So often we talk about the beauty in adoption. And I often use the hashtag #adoptionisbeautiful. I believe God’s heart and the message of the Gospel is on display in adoption. I’m also convinced adoption is an incredible and brave choice that both a birth and adoptive family can step into when they believe it’s the best option available for a child. But too often, we ONLY talk about the beauty in adoption and completely miss the other side of the story. And it’s an important one.
Adoption always begins with brokenness. If things were as they should be, all parents would be able to raise their children. Families would always stay together and fathers would always be actively engaged. In a perfect world people wouldn’t struggle with addiction, there wouldn’t be interpersonal violence, and parents would always have the financial and emotional resources they need. Every pregnancy would be planned and every addition to the family eagerly anticipated.
Often the brokenness isn’t just experienced by the birth family. I work with adoptive families who have lived through their own brokenness. Infertility, miscarriage, child loss….many families step into adoption because of their own loss. They want to grow their family but have been heartbreakingly unable to do so biologically. Stories of childhood cancer, secondary infertility, attempt after attempt at fertility treatments, miscarriage, and the death of a child are all results of a fallen world and brokenness for hopeful adoptive families as well.
How do we step into the brokenness of adoption with the hope of the Gospel, knowing God has the power to redeem and restore? Surely it’s no easy task, but there are practical ways we can acknowledge the bittersweet of adoption.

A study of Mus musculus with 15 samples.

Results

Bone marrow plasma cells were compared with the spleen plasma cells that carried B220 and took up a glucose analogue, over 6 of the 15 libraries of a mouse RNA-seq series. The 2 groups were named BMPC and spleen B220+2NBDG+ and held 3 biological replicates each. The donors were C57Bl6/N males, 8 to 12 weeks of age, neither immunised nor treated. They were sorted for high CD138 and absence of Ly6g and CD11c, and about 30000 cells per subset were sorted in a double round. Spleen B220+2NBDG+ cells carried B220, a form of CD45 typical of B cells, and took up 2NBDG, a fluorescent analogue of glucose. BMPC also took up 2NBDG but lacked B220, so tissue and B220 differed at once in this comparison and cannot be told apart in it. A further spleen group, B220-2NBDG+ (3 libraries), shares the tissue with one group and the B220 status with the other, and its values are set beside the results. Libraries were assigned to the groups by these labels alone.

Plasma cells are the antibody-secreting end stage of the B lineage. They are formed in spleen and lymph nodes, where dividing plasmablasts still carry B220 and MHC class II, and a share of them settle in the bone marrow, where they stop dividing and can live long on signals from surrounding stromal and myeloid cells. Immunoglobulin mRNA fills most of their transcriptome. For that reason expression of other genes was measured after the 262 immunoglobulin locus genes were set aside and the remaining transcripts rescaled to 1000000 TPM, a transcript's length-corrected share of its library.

We can tell the truth about adoption, sharing the good and the hard. We can work to ensure we don’t gloss over the beauty that can be found in adoption and make less of the grief and loss that’s involved. We can make space for adoptees (children and adults alike) to share the love they have for their adoptive and birth families and the complex emotions they uniquely wrestle with. We can ensure birth families are honored, cared for, and have resources for the long haul. And we can advocate for change; calling for ethics in adoption, holistic care for expectant and birth families, and work for biological families to stay together whenever possible. We can hold the celebration and the grief that comes with adoption as equally important and valid. Let’s roll up our sleeves together because hard things, and especially the people involved, are worth it.
The reality is adoption is beautiful. And hard. And amazing. And broken. Like the rest of life, it’s a complex mix of realities. Ultimately brokenness pushes us to a Healer. It gives us hope that one day God will fully restore all things. And until then, it provides a desperate dependance on His ability to guide us through the beautiful brokenness of it all.